BEYOND THE NUMBERS
The American Rescue Plan Act includes an important and novel provision: for every dollar that a state government spends on net tax cuts, it will lose a dollar of the federal fiscal aid it receives from the Act’s Coronavirus State Fiscal Recovery Fund. That’s sound policy.
Recessions are a terrible time for state tax cuts. Typically, the benefits of a tax cut go to people and to corporations that don’t need them. That’s the wrong approach when many working families continue to face serious economic hardship. Worse, every dollar in state tax cuts is a dollar not available for public services, which are in greater need and higher demand during a downturn.
Cutting state taxes now would repeat a mistake many states made in the wake of the Great Recession: they cut taxes, which harmed families, undermined economic growth, and exacerbated economic inequality and racial injustice. Instead, states should address critical health and economic needs by making investments that can help build antiracist, equitable states. To help them do so, the American Rescue Plan Act includes $195 billion in fiscal aid for state governments (and more for schools and for local, tribal, and territorial governments).
Before the bill passed, some states were considering damaging tax cuts — in part because they assumed the coming federal aid would help keep their budgets in balance. So Congress put a common-sense provision in the bill saying that if they do so, they’ll have to repay the federal government dollar for dollar. That provision is additionally helpful since states were considering using the one-time federal aid for permanent tax cuts, setting themselves up for budget cuts in the future when the aid expires and state revenues remain depleted by tax cuts.
Not surprisingly, some tax cut proponents are unhappy with this provision and are exaggerating its impact. Contrary to their erroneous claims, the American Rescue Plan Act does not stop states from cutting taxes. It says they can’t use federal dollars to do that, either directly or indirectly. If a state chooses to enact a net tax cut, it will forgo the equivalent amount of federal aid provided through the Act’s Coronavirus State Fiscal Recovery Fund. According to the Act:
(A) In general.—A State or territory shall not use the funds provided under this section or transferred pursuant to section 603(c)(4) to either directly or indirectly offset a reduction in the net tax revenue of such State or territory resulting from a change in law, regulation, or administrative interpretation during the covered period that reduces any tax (by providing for a reduction in a rate, a rebate, a deduction, a credit, or otherwise) or delays the imposition of any tax or tax increase.
Again, states will receive $195 billion in direct fiscal aid, plus billions more in fiscal relief for schools, counties, and cities. If state lawmakers want to cut taxes, regardless of the impact on state services, they can do so and still come out way ahead.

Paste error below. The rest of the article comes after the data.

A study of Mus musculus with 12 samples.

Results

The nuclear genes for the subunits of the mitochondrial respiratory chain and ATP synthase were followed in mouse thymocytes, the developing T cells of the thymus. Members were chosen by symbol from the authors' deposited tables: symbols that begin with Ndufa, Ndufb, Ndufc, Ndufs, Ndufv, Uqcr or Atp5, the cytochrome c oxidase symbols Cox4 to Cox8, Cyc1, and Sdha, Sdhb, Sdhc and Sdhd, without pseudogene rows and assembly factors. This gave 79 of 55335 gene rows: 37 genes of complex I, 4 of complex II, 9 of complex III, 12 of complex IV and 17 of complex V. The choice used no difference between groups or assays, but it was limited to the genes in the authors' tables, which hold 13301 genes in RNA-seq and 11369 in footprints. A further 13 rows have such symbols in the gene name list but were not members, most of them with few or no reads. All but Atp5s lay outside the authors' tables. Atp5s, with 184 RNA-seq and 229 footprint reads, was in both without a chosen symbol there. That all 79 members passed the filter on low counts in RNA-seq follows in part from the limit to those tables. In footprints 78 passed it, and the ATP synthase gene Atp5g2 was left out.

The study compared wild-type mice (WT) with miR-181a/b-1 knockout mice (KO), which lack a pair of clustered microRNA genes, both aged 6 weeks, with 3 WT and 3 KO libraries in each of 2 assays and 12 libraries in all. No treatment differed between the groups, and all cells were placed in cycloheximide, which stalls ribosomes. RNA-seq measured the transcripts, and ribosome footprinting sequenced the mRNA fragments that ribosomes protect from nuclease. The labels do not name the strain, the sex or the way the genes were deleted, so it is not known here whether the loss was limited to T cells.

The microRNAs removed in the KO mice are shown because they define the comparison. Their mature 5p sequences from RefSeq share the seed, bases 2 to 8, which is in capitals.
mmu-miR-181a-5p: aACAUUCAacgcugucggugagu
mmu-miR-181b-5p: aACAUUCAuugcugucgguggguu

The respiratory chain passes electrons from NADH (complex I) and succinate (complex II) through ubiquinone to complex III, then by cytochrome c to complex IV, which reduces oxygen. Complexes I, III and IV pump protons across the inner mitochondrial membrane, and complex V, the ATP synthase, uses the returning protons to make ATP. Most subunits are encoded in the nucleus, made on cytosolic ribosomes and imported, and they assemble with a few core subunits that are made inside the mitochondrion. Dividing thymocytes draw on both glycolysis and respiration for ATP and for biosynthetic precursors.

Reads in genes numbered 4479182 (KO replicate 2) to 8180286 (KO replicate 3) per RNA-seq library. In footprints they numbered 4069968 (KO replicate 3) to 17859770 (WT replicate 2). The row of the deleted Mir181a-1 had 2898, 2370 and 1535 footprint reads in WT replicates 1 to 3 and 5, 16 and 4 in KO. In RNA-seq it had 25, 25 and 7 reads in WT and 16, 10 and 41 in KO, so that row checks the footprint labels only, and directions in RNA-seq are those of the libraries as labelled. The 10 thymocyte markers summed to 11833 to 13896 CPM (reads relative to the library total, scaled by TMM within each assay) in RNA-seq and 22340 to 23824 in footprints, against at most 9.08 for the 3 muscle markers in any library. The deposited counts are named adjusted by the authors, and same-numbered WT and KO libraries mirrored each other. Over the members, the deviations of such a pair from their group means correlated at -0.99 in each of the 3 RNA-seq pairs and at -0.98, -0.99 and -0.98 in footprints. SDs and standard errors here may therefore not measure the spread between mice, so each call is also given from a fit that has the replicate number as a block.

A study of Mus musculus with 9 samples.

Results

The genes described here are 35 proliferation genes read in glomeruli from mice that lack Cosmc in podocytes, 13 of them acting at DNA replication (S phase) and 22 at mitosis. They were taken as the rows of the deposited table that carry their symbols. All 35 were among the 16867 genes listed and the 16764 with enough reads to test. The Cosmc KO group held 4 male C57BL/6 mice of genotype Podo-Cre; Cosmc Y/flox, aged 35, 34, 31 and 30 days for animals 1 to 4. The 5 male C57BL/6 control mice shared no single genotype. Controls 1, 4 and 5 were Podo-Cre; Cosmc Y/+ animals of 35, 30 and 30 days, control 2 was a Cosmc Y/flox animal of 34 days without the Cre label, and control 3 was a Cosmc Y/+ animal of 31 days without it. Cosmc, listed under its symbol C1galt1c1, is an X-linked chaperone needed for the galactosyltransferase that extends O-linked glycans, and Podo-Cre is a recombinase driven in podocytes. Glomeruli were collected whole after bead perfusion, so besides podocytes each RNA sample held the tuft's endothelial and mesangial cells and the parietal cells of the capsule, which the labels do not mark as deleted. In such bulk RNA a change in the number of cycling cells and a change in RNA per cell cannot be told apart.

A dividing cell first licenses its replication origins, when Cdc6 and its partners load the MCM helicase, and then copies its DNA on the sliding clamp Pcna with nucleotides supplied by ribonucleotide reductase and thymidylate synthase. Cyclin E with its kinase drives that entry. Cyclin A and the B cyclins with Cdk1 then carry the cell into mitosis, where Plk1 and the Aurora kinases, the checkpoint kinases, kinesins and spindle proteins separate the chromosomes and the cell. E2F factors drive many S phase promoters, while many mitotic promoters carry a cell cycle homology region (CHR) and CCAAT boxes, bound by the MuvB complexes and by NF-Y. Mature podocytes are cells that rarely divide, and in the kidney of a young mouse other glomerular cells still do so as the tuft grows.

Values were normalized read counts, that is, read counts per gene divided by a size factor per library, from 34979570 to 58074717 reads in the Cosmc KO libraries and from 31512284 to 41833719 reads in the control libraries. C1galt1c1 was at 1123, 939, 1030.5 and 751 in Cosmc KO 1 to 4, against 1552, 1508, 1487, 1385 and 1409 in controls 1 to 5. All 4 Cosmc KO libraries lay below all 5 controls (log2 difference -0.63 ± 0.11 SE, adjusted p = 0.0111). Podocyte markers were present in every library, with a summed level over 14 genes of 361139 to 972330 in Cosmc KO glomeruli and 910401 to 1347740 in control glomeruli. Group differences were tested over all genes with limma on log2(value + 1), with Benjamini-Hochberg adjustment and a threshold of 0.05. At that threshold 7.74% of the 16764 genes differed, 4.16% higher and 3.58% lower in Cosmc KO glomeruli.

What’s more, only net tax cuts run afoul of the rule. So, a state could cut taxes for low-income families and raise them for wealthy ones, producing no net tax revenue reduction and no loss of federal aid. Tax changes like this would also advance equity and help reduce barriers faced by low-income families.
Further, the limitation on cutting state taxes is not permanent; it covers tax changes enacted after March 3 of this year and expires when the state has spent the federal aid, which is available to cover costs incurred through the end of 2024. As the Act explains:
The term 'covered period' means, with respect to a State, territory, or Tribal government, the period that —"(A) begins on March 3, 2021; and
“(B) ends on the last day of the fiscal year of such State, territory, or Tribal government in which all funds received by the State, territory, or Tribal government from a payment made under this section or a transfer made under section 603(c)(4) have been expended or returned to, or recovered by, the Secretary.
a State, territory, or Tribal government shall only use the funds provided under a payment made under this section, or transferred pursuant to section 603(c)(4), to cover costs incurred by the State, territory, or Tribal government, by December 31, 2024.
And finally, the American Rescue Plan Act also doesn’t stop states from helping low-income families. On the contrary, states are encouraged to use the federal aid to help those families, which have borne a disproportionate share of the pandemic’s hardship. States may, for example, send a flexible cash payment to these families or help them pay rent or put food on the table.
In coming weeks, the Treasury Department will issue guidance on how this important provision will operate — in part, to make sure states and localities can’t find loopholes in it. In the meantime, this provision will help ensure that states take advantage of the historic opportunity the American Rescue Plan Act makes possible — a response to the pandemic and recession that fully supports people and businesses struggling now, and sets the country up for a stronger future, rather than even more austerity and inequality.